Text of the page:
Despite having better heart function and less severe disease, patients with a lung disease underlying their pulmonary hypertension (PH) have survival rates that are as poor as those with idiopathic PH, a study suggests.
The study, “Outcomes of Lung Disease-Associated Pulmonary Hypertension and Impact of Elevated Pulmonary Vascular Resistance,” was published in the journal Respiratory Medicine.
PH, a condition characterized by high blood pressure in the arteries that carry blood to the lungs, can develop in patients with other lung diseases, namely chronic obstructive pulmonary disease (COPD) and idiopathic pulmonary fibrosis.
It is estimated that chronic lung disease affects more than 570 million people around the world and is a major cause of death.
PH associated with lung disease is especially associated with poorer outcomes, but its incidence and impact is not fully understood. This is partially due to the current methods for diagnosing PH — the gold standard procedure being right heart catheterization — which are invasive and therefore often avoided. In right heart catheterization, a catheter is passed into a vein in the neck or groin to measure the pressure in the heart and lungs.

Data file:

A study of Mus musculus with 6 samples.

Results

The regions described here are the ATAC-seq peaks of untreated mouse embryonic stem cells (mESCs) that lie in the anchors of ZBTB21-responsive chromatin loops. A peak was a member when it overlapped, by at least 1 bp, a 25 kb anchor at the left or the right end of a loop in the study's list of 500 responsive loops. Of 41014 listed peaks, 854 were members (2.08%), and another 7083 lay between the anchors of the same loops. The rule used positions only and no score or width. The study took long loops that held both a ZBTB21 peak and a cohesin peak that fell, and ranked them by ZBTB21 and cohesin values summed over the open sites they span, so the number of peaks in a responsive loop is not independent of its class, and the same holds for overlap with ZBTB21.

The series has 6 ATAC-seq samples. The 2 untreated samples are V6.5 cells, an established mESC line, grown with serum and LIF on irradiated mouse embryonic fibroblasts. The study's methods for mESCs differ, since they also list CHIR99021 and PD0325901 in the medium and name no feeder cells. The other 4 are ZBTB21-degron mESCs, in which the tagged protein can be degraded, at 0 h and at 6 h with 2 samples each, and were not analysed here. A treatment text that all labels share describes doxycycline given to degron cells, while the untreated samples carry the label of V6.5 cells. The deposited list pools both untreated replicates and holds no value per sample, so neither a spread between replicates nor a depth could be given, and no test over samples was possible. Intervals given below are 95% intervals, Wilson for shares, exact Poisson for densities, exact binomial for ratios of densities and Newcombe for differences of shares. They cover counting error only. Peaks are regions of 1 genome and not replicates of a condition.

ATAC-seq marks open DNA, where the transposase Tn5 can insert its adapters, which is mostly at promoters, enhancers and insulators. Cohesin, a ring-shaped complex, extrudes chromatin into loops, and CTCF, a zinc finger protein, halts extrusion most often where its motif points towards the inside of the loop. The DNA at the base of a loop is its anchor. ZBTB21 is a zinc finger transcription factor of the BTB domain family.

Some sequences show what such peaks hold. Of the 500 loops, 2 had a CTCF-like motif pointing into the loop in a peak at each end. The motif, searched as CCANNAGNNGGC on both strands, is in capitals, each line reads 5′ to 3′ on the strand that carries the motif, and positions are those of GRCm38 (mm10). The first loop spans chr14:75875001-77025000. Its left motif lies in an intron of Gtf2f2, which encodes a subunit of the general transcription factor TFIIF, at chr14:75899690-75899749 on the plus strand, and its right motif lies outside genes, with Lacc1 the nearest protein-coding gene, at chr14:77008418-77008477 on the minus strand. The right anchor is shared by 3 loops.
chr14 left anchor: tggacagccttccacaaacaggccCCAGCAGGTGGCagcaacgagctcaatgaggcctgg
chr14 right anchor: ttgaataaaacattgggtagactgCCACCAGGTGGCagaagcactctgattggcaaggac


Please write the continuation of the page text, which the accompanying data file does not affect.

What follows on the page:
To better characterize the clinical outcomes in PH patients with lung disease, a research team collected data from a prospective group of patients followed at Duke University and Cleveland Medical centers.
Of 259 patients screened, 51 had lung disease-associated pulmonary hypertension (LD-PH), and 83 had idiopathic pulmonary arterial hypertension (IPAH).
In the LD-PH group, 26 patients had COPD, 21 were diagnosed with interstitial lung disease (ILD), one had severe obstructive sleep apnea, and three had mixed obstructive and restrictive lung disease. Patients in the LD-PH group were older (mean age of 64 years) than the ones in the IPAH group (mean age of 55.8 years), and 70% of them were male versus 30% in the IPAH group.
A heart analysis of patients in both groups showed that those in the LD-PH group had less severe heart dysfunction than the IPAH group, with less dilation of the heart’s bottom right chamber (ventricle) and better function of the valve between the two right heart chambers (right ventricle and right atrium), called the tricuspid heart valve. These patients also had a lower mean pulmonary arterial pressure and pulmonary vascular resistance.
Despite better heart performance, patients in the LD-PH group had worse survival rates than those with IPAH, although this difference was not statistically significant.
For patients within the LD-PH group, survival was significantly worse for those with ILD compared with COPD patients, with a five-year survival rate of 29% versus 54%, respectively.
Higher pulmonary vascular resistance (PVR) — equal to or above 7 wood units — was linked with a three-fold higher risk of death in LD-PH patients.
“Despite milder PH and less right ventricle failure than IPAH, LD-PH has equally poor survival,” the researchers wrote, adding that “increased PH severity and higher PVR significantly impact survival in LD-PH patients.”
According to the team, the findings support “earlier and more routine use of cardiac catheterization” as it would be beneficial in this patient population.